The rights of mutual fund investors to fair advisory fees trump the rights of independent mutual fund trustees to attorney-client confidentiality, says a Washington State federal district court judge in a recent ruling involving Pacific Investment Management Company (Pimco). Independent trustees to Pimco’s Total Return Fund must now fork over two hundred pages of privileged communications Pimco’s independent trustees had with their legal counsel about the advisory fees Pimco earned .
Those fees are at the heart of a lawsuit filed by a disgruntled investor against Newport Beach, California-based Pimco in late 2014. Robert Kenny of Clinton Island, Washington State, alleges that Pimco’s Total Return Fund earned excessive advisory fees because the fund’s investment adviser didn’t act in the best interests of investors. He claims that the advisory fees far exceeded the value of the services rendered and only served to bolster the excessive compensation of C-level executives. They include former chief investment officer Bill Gross who earned more than $200 million in compensation in 2013. That is the year Pimco was paid a total of US$1.2 billion in advisory fees, alleges Kenny, while its Total Return Fund suffered its worst performance since 1994. It lost 1.92 percent in value. Gross, who launched the fund in May 1987, left the following year to join Janus Capital Group.
Although independent trustees weren’t party to the lawsuit against Pimco, the judge’s decision has generated plenty of angst in the mutual fund industry where independent trustees rely on external legal advice on how to administer mutual funds. “Often such cases [involving excessive fees] have been settled out of court with the investment adviser agreeing to reduce its advisory fees,” says David Mahaffey, co-chair of the investment management practice at the law firm of Sullivan & Worcester in Washington DC.
The stakes in Pimco’s case are even higher. Should Kenny win his case, he and other shareholders of Pimco’s Total Return Fund could receive all or part of the advisory fees paid. Investors in other lawsuits cases involving excessive fees could also capitalize on the recent ruling to obtain otherwise confidential information. Such disclosure could even be extended beyond just excessive fees.
“Fund trustees should not automatically assume the attorney-client privilege applies in all situations in the boardroom,” says Jay Baris, a partner at Morrison & Foerster, who chairs the the law firm’s investment management practice. “If followed by other courts, this case could have a chilling effect on the conversations between independent fund trustees and their counsel, especially when they seek independent counsel on matters related to contract renewals, compliance, compensation and a host of governance issues.”
Kenny’s case, still in the discovery phase, rests largely on 200 pages of documentation representing emails and other communications made by the fund’s independent trustees. The independent trustees have good reason not to want to surrender any information on their discussions with legal counsel. Judge Ricardo Martinez will be evaluating the process used by the board to approve Pimco’s advisory fees and the written notes of a former independent trustee could prove incriminating. “If Pimco was overpaid so outrageously then we the trustees must be authorizing payments/fees to Pimco that were too high,” says William Popejoy who complained about Gross’ compensation at a February 2014 board meeting. Popejoy subsequently alleged he was ousted from the board because of his stance.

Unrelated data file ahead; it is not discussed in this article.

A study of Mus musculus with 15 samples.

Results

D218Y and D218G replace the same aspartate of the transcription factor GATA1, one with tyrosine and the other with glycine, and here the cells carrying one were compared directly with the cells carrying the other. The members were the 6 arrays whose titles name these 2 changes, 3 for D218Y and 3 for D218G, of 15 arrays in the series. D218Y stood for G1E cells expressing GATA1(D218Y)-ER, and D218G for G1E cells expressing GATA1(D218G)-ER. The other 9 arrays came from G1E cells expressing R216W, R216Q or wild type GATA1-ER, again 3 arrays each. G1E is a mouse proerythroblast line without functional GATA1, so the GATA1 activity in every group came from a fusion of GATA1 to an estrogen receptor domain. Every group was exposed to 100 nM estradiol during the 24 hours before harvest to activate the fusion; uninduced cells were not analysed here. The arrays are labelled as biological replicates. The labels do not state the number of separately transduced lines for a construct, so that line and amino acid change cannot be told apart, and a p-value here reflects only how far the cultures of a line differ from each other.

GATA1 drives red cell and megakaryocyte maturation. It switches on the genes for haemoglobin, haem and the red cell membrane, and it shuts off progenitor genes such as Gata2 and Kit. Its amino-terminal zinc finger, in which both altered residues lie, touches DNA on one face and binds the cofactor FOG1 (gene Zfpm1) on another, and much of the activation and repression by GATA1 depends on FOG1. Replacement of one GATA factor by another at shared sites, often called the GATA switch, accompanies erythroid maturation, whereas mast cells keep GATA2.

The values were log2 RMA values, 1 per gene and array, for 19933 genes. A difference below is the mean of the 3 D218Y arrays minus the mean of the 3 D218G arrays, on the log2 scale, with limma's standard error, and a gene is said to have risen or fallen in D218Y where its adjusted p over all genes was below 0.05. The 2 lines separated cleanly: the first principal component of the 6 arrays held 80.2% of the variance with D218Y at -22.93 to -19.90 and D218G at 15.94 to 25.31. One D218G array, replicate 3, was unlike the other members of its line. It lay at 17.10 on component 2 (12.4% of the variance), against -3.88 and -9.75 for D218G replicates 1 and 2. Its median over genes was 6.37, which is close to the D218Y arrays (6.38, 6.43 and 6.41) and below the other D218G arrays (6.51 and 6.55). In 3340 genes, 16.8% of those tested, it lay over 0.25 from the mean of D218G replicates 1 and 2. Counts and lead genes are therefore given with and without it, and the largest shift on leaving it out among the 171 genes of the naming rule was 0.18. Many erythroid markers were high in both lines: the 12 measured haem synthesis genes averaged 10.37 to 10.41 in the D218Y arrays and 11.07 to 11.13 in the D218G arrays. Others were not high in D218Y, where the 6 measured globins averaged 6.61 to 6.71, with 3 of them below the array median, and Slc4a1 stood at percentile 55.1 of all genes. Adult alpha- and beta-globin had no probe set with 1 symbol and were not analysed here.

Judge Martinez disagreed with the decision of the independent trustees not to produce the documentation on the grounds that their communications with external counsel was protected by attorney-client privilege. He ruled that because Pimco’s Total Return Fund was organized as a business trust in Massachusetts, the independent trustees are acting as fiduciaries on behalf of shareholders. It is the shareholders who are the true clients of the external legal counsel. Therefore, any communications between the independent trustees and legal counsel should be made available to shareholders. “Only where the trustee shows that he or she obtained legal advise for his or her personal protection or independent personal purpose will the client privilege survive,” says the judge in his ruling. That legal advice would be protected in the case of pending litigation against the trustee.
“The judge’s ruling isn’t the first time the fiduciary exception to attorney-client privilege has been applied. However, it is the first time that it has been applied to a mutual fund trustee,” explains Niels Holch, director of the Washington, D.C. based Coalition of Mutual Fund Investors, which tracks investor litigation against mutual funds. Until now, the exception has only been applied in cases involving employers offering pension plans governed under ERISA or simple trusts.
Judge Martinez says there should be no distinction between mutual funds and pension plans, but some legal experts disagree. “Mutual funds are created as trusts, but that doesn’t mean that the independent trustees should be treated like trustees of an ordinary trust,” says Mahaffey. “The judge’s ruling misinterprets the structure of the mutual fund and the role of trustees who are the equivalent of a corporate board of directors. Other states, besides Maryland have similar corporate structures available for organizing mutual funds.”
So far, the US Securities and Exchange Commission has not issued any guidance on what specific metrics should be used to determine fair advisory fees. Legal experts say that it is unlikely it will do so but they hope the SEC will issue further clarifications on the obligations of independent trustees and more importantly the status of their communications with external counsel.